As the world rushes to develop a vaccine, the European Union, hard hit by COVID-19, is concerned that it will not have enough supplies, especially if a vaccine has been developed in the United States or China.
The European Medicines Agency, in communication with 33 developers, has done everything in its power to speed up the approval process, said EMA chief vaccine officer Marco Cavaleri. He was skeptical of claims that everything could be ready by September.
“For vaccines, since development has to start from scratch … we could look optimistic in a year, so early 2021,” he told reporters.
He ruled out the possibility of skipping the third phase of a vaccine trial, which he said would be necessary to be sure a vaccine was safe and effective.
Eyeing over 100 treatments
The EMA is also examining 115 different therapies or treatments for the coronavirus, which has caused nearly 300,000 deaths worldwide, according to data from the World Health Organization.
Cavaleri said some of these therapies could be approved in Europe as early as this summer, but did not say which ones.
Leading EU lawmaker says EU should circumvent pharmaceutical companies’ intellectual property rights if vaccine is developed outside the bloc, another sign of EU fear of falling behind in the world race.
“If a vaccine is first developed outside of Europe, we must do everything in our power to make the vaccine effectively available in all countries,” said Peter Liese, a leading member of the the Christian Democratic Union (CDU) in Germany, along with Chancellor Angela Merkel.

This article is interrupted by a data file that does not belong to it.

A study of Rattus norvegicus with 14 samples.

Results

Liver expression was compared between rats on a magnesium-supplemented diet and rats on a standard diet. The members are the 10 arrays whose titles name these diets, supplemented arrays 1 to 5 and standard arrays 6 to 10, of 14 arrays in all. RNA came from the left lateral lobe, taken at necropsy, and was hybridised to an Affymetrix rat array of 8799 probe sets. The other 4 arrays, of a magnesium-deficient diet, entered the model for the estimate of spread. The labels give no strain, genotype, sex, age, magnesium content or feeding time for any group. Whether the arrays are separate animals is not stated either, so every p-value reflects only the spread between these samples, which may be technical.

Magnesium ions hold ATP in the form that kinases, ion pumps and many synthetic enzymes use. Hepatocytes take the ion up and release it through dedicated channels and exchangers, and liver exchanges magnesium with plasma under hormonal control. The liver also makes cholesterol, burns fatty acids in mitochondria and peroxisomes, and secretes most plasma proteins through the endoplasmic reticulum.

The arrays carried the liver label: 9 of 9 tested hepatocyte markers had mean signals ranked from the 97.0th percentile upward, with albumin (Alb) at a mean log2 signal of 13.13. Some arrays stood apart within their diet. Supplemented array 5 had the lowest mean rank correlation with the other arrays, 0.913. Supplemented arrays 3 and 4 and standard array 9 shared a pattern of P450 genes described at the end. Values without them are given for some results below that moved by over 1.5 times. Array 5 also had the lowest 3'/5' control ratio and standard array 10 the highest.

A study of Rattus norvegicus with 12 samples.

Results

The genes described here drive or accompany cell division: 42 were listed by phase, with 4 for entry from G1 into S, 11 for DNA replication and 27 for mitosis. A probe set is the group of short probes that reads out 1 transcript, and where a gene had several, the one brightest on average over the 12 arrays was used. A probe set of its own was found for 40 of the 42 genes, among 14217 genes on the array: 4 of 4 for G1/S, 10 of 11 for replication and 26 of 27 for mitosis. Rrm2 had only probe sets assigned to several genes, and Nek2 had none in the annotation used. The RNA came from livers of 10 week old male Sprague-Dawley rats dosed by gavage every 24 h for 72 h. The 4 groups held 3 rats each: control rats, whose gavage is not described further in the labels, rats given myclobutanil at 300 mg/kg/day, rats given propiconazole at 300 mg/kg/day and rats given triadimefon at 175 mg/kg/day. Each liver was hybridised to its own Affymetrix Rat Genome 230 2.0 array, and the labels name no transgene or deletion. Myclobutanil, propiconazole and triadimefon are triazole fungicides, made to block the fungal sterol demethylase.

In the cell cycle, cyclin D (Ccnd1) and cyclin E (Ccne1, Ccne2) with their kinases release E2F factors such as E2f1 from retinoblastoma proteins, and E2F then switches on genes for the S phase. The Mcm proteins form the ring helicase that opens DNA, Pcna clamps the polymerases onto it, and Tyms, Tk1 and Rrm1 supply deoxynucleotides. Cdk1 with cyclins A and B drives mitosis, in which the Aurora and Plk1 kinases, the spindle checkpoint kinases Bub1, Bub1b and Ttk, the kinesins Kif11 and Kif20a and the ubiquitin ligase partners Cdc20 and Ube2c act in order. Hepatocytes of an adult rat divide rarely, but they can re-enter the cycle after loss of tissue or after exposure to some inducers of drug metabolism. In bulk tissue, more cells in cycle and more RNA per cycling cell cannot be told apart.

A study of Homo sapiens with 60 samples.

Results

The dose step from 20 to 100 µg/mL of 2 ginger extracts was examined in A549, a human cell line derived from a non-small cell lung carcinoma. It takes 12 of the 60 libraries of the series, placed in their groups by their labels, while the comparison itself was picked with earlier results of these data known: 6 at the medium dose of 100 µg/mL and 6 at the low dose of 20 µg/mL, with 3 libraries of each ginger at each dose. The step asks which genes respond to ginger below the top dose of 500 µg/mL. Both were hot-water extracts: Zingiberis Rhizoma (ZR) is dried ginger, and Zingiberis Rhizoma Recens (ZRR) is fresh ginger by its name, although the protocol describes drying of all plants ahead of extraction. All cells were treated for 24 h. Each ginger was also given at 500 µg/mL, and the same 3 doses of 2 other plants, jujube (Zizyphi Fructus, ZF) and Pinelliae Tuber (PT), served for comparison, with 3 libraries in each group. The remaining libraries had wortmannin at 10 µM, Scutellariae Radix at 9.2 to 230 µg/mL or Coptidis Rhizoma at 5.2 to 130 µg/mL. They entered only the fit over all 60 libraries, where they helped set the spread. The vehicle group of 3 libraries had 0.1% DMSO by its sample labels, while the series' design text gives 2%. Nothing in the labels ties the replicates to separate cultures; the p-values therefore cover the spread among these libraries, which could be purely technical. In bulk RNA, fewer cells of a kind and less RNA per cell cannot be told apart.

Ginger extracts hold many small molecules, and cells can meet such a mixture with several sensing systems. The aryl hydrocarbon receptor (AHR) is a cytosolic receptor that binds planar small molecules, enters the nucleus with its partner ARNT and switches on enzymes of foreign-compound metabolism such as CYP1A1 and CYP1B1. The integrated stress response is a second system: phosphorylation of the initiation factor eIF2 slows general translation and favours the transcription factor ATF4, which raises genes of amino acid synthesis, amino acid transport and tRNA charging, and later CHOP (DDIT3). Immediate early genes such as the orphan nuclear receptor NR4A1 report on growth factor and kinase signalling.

“We are counting on dialogue and cooperation, but we must also expect others to reject dialogue and cooperation. That’s why we need a Plan B, “said Liese.
The U.S. and China have been reluctant to support an EU-sponsored global fundraising campaign, which raised $ 8 billion US ($ 11.3 billion Canadian) this month to research, manufacture and distribute a vaccine and possible treatments for COVID-19.
Liese called on EU governments and the European Commission to consider deviating from the rules of the World Trade Organization which allows states to produce generic drugs without the consent of the pharmaceutical companies that first developed them and which still hold intellectual property rights.